Summary: Harvey Mountain is one of the highest points in Columbia County. Near the summit is a large field filled with blueberries. This picnic spot, complete with a table, provides nice views of the Taconics to the South and Catskills to the Southwest.
You will be travelling on a combination of old roads and foot paths which wind through a mostly hard-wood forest. Be sure to watch out for the trail markers. It is easy to make a wrong turn.
The trail starts opposite of camp site #1 near the parking area. It is marked with blue disks. After 0.3 miles, you reach a junction. Turn right on the red trail which leads 1.2 miles to the picnic area.
The actual summit is past the picnic spot in the woods. There is a concrete marker at the boundary between MA and NY.
You may want to combine this hike with the Beebe Hill fire tower hike. It is only a few minutes drive away.
Trailhead: Take NY Rte 90 East to Exit B3. Continue on NY Rte 22 South for 3 miles.
Turn left onto East Hill Rd. The parking area is on the right after 0.4 miles. (Lat:42.326 Lon:-73.44)
Trail Guides for Harvey Mountain:
Best Seasons: Year-Round
User Groups: Hikers, Dogs, Bikes,
Ranger Contact: NYS DEC Region 4 Forest Ranger 518-828-0236
Localhikes Reporter: This hike was submitted by George Senft, who has posted 26 other hikes on this site
Trail Reviews Page 1 of 3 Submit your own review
Reviewed by Stumpkicker on 8/7/2016
Nice Hike, a couple of steep spots-no scrambles, and the views from the fire tower was wonderful. Only hic-cup was the sign for the parking lot was missing. Luckily a local sitting on her front porch gave us directions. If you see the sign for Beebe State Forest the trailhead is 100 yds north on the other side of the road just past a small lake.
Reviewed by CK on 5/18/2015
This was a perfect trail for running. Not too long, some technical spots, and some decent inclines. It's true that there is a good amount of poison ivy, and the trail is narrow, so later in the summer it might be tough to avoid it. But for mid May, i wore long socks and stayed on the trail and I was fine.
Reviewed by CT on 8/27/2012
There was a decent amount of poison ivy but overall the trail was completely dry, only minimal water at the second stream crossing. You can easily step over the three rocks to cross. The trail goes on for a ways past the NY/MA stone marker, not sure just how far, but it appears to go downhill. Moderate difficulty overall, wear pants, also looks like you can follow the gravel road to the summit if you don't want to hike on the trail.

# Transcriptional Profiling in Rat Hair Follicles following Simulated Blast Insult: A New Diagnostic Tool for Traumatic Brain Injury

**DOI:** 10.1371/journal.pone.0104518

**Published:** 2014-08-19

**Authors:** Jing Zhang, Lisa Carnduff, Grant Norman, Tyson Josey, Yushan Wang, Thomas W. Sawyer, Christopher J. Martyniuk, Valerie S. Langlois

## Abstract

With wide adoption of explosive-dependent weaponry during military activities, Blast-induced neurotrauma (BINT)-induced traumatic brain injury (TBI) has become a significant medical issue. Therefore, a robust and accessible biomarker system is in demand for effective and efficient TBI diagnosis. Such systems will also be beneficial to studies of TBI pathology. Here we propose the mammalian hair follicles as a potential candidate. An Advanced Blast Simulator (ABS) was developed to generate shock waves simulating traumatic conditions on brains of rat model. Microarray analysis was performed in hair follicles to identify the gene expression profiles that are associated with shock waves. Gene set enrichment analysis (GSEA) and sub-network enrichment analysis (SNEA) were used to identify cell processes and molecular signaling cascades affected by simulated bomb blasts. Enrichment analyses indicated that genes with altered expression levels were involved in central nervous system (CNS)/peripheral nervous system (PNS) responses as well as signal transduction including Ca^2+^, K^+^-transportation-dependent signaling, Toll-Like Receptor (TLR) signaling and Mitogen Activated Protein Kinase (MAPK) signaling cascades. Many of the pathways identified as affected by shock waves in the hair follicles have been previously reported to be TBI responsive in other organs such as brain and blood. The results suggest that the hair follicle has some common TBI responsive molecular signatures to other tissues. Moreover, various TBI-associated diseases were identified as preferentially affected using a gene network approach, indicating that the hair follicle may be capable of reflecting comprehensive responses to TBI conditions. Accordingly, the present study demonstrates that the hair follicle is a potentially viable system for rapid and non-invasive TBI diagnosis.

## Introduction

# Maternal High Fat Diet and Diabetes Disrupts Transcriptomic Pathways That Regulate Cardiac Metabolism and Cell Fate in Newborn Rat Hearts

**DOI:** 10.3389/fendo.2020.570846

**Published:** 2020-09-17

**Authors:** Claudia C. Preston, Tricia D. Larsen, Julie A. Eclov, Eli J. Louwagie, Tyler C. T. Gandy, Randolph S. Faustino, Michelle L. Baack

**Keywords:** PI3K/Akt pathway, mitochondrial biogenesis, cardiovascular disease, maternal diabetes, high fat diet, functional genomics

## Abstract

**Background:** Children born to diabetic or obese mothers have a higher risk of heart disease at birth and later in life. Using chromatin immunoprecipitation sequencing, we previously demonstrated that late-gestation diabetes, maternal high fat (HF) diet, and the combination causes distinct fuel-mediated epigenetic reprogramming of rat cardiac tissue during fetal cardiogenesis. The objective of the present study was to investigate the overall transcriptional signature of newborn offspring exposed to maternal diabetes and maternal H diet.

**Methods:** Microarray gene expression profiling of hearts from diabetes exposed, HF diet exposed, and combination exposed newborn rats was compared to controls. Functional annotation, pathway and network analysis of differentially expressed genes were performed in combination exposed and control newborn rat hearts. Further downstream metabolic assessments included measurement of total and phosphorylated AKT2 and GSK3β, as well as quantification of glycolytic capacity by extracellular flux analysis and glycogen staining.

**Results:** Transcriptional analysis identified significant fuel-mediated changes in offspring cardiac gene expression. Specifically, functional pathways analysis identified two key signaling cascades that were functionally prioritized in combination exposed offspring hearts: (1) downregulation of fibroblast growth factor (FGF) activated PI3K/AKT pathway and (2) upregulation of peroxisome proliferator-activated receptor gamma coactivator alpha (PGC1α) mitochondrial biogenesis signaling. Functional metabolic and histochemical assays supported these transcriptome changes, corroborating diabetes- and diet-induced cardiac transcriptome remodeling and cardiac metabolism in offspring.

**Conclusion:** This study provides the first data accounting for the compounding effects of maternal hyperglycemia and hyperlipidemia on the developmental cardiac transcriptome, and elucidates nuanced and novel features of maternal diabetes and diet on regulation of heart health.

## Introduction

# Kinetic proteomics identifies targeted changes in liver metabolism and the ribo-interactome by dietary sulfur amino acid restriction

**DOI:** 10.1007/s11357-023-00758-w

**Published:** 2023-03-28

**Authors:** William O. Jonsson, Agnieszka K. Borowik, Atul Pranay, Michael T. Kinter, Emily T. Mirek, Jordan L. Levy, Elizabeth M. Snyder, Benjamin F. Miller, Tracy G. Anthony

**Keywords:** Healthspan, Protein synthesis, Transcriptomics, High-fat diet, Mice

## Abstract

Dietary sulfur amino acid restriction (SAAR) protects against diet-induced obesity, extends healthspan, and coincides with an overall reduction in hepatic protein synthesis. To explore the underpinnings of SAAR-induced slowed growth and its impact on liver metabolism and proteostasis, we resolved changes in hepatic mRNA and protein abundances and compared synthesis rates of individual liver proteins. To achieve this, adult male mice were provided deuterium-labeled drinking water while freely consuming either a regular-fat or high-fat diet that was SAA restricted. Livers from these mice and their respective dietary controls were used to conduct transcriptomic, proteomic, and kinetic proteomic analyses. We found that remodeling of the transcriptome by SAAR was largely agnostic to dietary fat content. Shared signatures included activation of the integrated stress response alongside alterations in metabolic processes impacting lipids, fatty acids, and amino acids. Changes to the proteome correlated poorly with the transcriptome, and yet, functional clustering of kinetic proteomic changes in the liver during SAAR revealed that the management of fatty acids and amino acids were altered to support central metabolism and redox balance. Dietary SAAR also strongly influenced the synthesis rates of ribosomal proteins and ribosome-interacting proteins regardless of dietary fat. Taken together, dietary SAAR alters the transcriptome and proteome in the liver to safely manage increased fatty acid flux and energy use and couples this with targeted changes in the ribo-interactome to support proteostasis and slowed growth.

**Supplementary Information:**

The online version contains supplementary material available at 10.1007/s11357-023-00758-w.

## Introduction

Reviewed by Jfb on 7/10/2012
I am planning an expedition in near future. I am hoping for a response to the question: Will the blueberries be ripe the 19Th of July?
Reviewed by Barry on 4/21/2012
I'm afraid that Clara is right. This is a really nice trail except it is impossible to avoid all the poison ivy, even with your eyes trained on the edges of the narrow trail. Unless you're immune to poison ivy, I'd stay away.
Reviewed by Paul V on 4/1/2012
A nice short day hike, moderate difficulty, with a few steep streches. Great views at the end. Perfect for a short quick easy hike.
Reviewed by Clara on 1/29/2012
What ever you do, do NOT hike at harvey mountain! My son got poison ivy from head to toe! My baby girl who walked ON the trail got it too! I repeat, never go there again!
Reviewed by JM on 4/16/2011
I parked at the first place I could and ended up running on the road misty uphill and flat for 1.3 miles to the trailhead. From there the sign said another .9 miles - it was cold today and windy, but the hike (which I walked/jogged was very pleasant. I was happy to see the trail head cause some of the road was fairly hilly. The trail was easy and well groomed. I can see the excitement of blueberrys in the summer - there was a huge field of blueberrys (but obviously none at this time of the year). I walked to the stone indicating the NY/MA border, took in the great views and jogged back to my car - I think it was right around 4.4 miles roundtrip from where I parked. I'll be back in the summer for those blueberries.
Notice: Traveling in the backcountry can be hazardous. You are responsible for informing yourself about these hazards and taking necessary precautions. Information on this web site comes from volunteer reporters and may contain errors or omissions. A current guidebook and proper equipment are essential for safe enjoyment of the hikes posted on this site.